How To Fight Your Way Into A Healthier Relationship
Fighting can be a good thing.
As Shakespeare once said, “You’re up then you’re down. You’re wrong when it’s right. It’s black and it’s white. We fight, we break up. We kiss, we make up.” Okay, I lied, it was actually Katy Perry, but the poetic value remains: couples fight. The lovers' tiff is as permanent and pervasive as love itself, but it's not necessarily always a bad thing. It can be good for you – really good for you – depending on how you do it.
Dr John M. Gottman, of the Gottman Institute, believes that fighting isn’t an indication of a bad relationship, but a good one, and that there are good and bad ways to go about it. Our bodies have an inbuilt stress-triggered alarm called Diffuse Physiological Arousal (DPA). It’s the response that makes your hands sweat and your heart race, and leads you to that crossroad of “fight or flight.” And DPA doesn’t just happen when we see a grizzly animal in the forest or when we actually have to speak to someone on the phone, it can be brought on by a row with bae.
Once that lump forms, your eyes water, and your heart is beating so loud and fast it feels like a frantic bird against a glass door, it’s almost impossible to communicate effectively. It’s because your heart has elevated to 100 BPM or higher, which, in a relationship setting, can make any attempt at conversation pretty erratic. Makes sense. Have you ever tried to have a civilized conversation after intense exercise? All you can think about is catching your breath and eating a cheeseburger – not a long chit chat.
Timing is everything
Brittle suggests that after DPA has occurred, couples need to wait between 20 minutes and 24 hours before they can resolve the conflict. So either watch one episode of Black Mirror or the entire four seasons before you try to resolve. And do not stew – stews are made for eating. Don’t treat your fight like a bad episode of Friends that you can't help but replay. It’s not helpful; you’ll just end up more stressed and upset.
Breathe in and out
Take out your bottom-drawer yoga pants, burn that incense you got from secret Santa and find your zen. Go for a walk, listen to Adele, whatever it takes to be cool. Once your face returns to its normal shade and you no longer want to hurl a rock at your partner it’s safe to reemerge and rationally discuss how you’re feeling. Let’s work through an example together:
Your bae makes you dinner. Cute right? WRONG. Instead of using the gluten-free pasta, he uses the regular pasta. And even though you don’t technically have a gluten allergy, you read an article on Gwyneth Paltrow’s blog once about the benefits of avoiding wheat. You mentioned this article four months ago. And you obviously get bloated when you eat wheat. How does he not get this?!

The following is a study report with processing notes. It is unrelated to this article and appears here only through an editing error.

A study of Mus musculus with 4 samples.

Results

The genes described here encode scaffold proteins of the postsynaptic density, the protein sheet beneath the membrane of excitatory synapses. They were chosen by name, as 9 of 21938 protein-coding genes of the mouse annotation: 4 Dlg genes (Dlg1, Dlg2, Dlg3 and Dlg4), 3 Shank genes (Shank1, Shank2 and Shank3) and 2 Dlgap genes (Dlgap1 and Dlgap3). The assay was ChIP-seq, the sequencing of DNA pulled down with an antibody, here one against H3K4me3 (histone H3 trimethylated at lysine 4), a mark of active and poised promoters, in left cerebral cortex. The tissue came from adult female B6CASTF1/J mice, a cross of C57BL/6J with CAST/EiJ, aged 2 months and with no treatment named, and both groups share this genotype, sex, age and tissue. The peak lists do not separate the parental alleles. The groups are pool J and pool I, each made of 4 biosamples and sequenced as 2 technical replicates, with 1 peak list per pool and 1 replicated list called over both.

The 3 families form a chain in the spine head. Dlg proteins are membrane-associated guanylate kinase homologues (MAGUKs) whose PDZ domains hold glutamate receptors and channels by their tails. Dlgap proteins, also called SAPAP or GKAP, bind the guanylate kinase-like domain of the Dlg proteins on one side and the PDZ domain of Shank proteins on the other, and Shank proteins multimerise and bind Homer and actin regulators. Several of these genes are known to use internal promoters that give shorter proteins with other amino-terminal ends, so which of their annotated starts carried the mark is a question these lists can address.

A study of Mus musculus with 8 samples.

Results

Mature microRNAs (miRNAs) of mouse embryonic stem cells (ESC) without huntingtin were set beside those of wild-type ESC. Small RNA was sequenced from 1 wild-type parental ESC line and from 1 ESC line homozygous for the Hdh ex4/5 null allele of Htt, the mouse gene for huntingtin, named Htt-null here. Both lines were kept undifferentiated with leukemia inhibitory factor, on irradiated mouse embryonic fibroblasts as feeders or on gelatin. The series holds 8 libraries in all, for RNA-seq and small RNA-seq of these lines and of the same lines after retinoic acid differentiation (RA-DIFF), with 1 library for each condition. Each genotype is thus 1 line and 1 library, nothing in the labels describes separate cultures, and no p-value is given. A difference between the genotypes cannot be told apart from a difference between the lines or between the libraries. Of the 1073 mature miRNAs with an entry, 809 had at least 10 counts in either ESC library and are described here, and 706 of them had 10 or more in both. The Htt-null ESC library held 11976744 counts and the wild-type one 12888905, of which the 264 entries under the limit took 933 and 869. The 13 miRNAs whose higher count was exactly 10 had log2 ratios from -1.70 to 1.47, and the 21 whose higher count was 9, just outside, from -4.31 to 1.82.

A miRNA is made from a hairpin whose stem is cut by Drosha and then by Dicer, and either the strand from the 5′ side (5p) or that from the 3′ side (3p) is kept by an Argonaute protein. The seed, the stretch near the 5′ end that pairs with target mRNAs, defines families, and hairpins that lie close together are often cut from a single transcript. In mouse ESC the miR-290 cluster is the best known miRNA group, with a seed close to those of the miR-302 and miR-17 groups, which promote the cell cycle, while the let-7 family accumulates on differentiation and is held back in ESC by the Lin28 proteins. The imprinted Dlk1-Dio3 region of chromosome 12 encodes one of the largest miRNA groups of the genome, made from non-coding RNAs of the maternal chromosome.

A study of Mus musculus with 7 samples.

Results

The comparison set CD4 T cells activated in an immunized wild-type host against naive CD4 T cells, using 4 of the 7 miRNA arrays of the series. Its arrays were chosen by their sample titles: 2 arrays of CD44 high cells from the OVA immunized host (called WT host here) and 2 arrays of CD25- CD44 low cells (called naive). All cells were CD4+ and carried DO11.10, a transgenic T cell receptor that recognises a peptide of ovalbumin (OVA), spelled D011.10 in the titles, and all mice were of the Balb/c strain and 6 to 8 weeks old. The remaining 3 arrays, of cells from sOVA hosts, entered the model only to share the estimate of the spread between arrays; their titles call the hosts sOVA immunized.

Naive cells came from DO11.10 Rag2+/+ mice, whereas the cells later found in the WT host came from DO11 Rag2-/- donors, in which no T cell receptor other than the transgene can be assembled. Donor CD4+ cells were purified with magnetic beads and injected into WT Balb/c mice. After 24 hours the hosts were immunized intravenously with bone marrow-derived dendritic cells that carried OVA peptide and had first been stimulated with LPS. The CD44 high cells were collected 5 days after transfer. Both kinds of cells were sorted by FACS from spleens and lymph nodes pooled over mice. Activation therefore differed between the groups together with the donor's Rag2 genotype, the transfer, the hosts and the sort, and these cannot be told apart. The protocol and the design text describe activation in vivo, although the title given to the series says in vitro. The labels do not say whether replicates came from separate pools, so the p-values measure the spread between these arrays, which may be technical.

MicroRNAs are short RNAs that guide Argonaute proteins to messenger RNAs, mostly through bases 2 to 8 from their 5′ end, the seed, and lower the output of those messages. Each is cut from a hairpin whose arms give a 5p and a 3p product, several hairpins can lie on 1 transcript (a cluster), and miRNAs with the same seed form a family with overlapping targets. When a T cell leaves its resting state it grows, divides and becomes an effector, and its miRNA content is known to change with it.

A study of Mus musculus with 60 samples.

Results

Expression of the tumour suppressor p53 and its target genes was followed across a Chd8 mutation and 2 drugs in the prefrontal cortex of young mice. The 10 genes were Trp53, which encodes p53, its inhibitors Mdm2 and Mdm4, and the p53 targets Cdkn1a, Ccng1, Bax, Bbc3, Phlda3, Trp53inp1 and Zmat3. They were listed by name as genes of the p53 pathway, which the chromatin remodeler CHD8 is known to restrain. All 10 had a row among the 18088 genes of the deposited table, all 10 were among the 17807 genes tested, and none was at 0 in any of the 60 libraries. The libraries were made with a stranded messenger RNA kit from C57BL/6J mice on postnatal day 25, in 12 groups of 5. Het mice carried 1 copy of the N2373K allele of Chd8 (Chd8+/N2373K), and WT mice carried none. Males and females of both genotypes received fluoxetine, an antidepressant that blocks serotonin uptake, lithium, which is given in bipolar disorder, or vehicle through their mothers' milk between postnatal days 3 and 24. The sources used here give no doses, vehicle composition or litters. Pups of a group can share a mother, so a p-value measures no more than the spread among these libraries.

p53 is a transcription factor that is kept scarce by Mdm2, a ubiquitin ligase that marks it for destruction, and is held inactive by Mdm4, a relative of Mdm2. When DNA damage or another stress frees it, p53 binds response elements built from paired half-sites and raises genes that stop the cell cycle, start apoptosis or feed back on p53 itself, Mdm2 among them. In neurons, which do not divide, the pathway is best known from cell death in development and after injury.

You loudly declare that bae doesn’t “get you” and you take the bowl of pasta and throw it against the wall, leaving a saucy meatball murder scene.
You begin to roll around in the sauce, demanding your Gwyneth-approved GF pasta. You bring up a completely irrelevant argument about a fight you had about his mother two months ago, and the time he forgot your anniversary, and somehow attempt to connect these events to the current one.
Alternatively, you go to the next room and play a 20-minute mindfulness meditation mix. You realign your chakras. You realize that throwing pasta is something you graduate from at the age of two. You clean up the pasta, apologize and explain the anger came from the feeling of not being listened to. You have some passionate make up sex and order takeout.
You don’t need a psychology degree to know Resolution 2 is your one-way ticket to Happily-Ever-Afterville. Fighting is inevitable and good fighting is the golden way. It shows a desire to work through something together and communicate, and it helps to further develop your bond. The way you fight will determine, for the most part anyway, whether your relationship is rocky or floating like a lilo on a calm, tropical sea.
The moral of the story: fight fair and never, ever, throw pasta.
Next up, here's how to stop fighting about sex.